More than two weeks after a snowstorm hit Kansas City, Google Fiber still hasn’t restored Internet service to all customers. There were still dozens of Google Fiber customers without home Internet service, a KCUR article published yesterday said. The outage has continued since the storm on January 11 and 12.
Google told Ars on Friday afternoon that the storm affected “thousands” of its customers in the Kansas City area and that it hadn’t yet finished restoring service to all of them. “While we can’t share exact numbers, at its height, we had thousands of open tickets and are now down to double digits,” a Google spokesperson said. “Getting our KC customers back online has been our top priority since the storm hit. We added both crews and equipment to help with this in the city.”
Google said that the Kansas City storm was “one of the most significant weather events” to hit any Google Fiber city. “We have learned a lot from our response and will be incorporating those into every aspect of our planning for events like this in the future,” the company said.
UPDATE: We asked Google for an update this morning. Shortly after this article published, Google told us that “service has been restored to all impacted neighborhoods” but that there are still a few customers who are offline. “We are still working to resolve a small handful of individual customer issues and get them back online as soon as possible,” a Google spokesperson said.
Customers frustrated by Google Fiber response
The storm on January 11 and 12 dropped five to eight inches of snow on most parts of Kansas City, with some areas getting more than 12 inches, according to the National Weather Service.
The KCUR article details the plight of Julie Gronquist-Blodgett, her husband, and four young children.
“Gronquist-Blodgett says she and her husband have called Google Fiber multiple times and not been able to get a clear answer for why their outage has persisted, even as neighbors have had their service restored,” KCUR wrote.
To get work done at home, Gronquist-Blodgett and her husband have been making heavy use of their smartphones. As a result, they “have racked up $100 in overage charges, which is more than their monthly bill for Google Fiber,” the KCUR article said.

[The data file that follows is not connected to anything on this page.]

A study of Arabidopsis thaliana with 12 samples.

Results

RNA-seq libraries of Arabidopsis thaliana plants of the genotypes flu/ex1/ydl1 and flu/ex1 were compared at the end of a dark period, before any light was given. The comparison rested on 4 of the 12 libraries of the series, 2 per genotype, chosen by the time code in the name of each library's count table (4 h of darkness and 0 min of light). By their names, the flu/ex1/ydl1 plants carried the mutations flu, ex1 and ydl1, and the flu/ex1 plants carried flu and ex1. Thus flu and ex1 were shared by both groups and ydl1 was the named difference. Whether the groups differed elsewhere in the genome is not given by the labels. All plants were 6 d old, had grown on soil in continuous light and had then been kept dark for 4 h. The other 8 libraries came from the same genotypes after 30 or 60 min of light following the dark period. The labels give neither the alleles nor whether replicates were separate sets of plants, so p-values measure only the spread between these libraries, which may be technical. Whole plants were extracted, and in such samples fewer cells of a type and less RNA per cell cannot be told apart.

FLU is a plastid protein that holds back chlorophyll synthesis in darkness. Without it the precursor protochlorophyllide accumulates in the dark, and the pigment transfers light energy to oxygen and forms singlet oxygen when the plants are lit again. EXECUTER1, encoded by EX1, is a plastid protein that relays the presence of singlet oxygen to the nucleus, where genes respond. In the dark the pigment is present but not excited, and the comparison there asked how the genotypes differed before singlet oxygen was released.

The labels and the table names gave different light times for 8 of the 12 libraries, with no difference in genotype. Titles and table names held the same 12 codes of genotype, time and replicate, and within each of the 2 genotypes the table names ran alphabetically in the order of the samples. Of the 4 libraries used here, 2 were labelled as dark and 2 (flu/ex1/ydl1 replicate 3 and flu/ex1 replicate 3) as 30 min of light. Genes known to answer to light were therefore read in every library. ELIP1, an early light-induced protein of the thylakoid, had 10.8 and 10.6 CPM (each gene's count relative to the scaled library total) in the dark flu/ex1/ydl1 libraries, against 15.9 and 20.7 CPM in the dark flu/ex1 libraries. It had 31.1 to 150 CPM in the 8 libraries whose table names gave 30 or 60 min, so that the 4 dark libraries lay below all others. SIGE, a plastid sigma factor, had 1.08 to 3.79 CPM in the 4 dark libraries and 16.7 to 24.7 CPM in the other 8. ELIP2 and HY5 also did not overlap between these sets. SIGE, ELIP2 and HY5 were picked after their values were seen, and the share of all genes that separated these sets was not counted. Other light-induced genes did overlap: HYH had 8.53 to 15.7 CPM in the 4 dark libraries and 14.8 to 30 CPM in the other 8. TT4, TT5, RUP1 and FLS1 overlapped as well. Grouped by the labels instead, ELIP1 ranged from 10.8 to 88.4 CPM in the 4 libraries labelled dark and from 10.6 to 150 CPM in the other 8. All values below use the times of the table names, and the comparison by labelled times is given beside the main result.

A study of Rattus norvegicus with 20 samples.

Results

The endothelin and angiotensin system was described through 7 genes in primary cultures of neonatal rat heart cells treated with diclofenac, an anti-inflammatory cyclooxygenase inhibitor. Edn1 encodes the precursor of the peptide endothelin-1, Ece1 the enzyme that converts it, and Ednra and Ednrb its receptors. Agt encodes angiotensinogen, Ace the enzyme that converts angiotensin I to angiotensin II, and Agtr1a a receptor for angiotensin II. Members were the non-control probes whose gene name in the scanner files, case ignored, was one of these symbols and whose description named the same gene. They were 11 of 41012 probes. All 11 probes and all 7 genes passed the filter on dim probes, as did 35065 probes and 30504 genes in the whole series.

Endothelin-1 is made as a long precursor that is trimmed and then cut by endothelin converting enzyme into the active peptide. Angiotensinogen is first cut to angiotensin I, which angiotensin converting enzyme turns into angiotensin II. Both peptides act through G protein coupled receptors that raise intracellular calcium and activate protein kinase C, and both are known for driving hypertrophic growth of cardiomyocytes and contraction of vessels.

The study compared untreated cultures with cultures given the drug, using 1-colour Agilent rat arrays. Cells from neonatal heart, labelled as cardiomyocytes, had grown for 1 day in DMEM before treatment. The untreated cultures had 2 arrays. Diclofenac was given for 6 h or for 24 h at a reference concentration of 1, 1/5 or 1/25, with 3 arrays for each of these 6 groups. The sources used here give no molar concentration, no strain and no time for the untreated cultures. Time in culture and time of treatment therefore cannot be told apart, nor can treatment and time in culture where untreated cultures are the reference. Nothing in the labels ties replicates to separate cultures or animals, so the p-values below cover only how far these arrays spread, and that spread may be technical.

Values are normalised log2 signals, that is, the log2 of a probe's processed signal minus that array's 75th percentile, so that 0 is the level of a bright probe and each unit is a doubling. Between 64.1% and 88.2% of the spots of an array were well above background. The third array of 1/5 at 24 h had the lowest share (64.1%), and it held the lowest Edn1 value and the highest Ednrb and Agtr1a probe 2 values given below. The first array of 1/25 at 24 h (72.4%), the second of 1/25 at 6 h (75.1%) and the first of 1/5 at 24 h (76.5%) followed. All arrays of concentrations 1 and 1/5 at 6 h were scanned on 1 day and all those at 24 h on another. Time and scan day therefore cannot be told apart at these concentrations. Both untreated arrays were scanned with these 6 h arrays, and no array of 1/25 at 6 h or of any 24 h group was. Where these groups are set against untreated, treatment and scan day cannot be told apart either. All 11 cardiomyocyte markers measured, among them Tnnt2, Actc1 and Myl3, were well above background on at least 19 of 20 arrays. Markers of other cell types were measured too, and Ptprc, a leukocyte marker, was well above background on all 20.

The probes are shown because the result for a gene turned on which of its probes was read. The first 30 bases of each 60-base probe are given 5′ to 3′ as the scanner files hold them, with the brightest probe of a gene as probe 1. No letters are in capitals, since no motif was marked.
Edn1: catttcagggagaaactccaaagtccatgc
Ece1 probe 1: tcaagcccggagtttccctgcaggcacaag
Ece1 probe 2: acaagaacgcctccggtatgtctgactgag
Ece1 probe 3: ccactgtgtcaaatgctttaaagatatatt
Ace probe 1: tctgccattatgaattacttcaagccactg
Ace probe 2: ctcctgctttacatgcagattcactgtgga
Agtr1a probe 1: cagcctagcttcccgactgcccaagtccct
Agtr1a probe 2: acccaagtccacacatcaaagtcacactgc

Although the storm reportedly caused outages for other providers, Google Fiber appears to have taken longer than other ISPs to restore service.
“Our network is entirely constructed of fiber cables made out of glass, which requires special training to handle and repair. And splicing fiber wires in freezing temperatures takes longer than, say, fixing traditional copper cable lines,” a Google Fiber spokesperson told KCUR.
Google told Ars today that Gronquist-Blodgett’s service has been restored. “The team worked hard all weekend to continue to restore service to the remaining customers, including the one mentioned in the KCUR piece,” a Google spokesperson said.
“I was calling every day. What is going on?”
Google Fiber’s inability to quickly restore service suggests that the company hasn’t prepared for storms properly, telecom analyst Jeff Kagan told KCUR. “These kinds of things happen to utilities. This isn’t an earthquake, it’s just snow,” he said.
Kansas City was the first city to get Google Fiber service, in 2012.
Customer complaints were also detailed Friday in a Kansas City Star article. “I was calling every day. What is going on?” Kansas City resident Kim Riley told the newspaper after going 11 days without service. “You all are Google, the world tech leaders. This makes no sense.”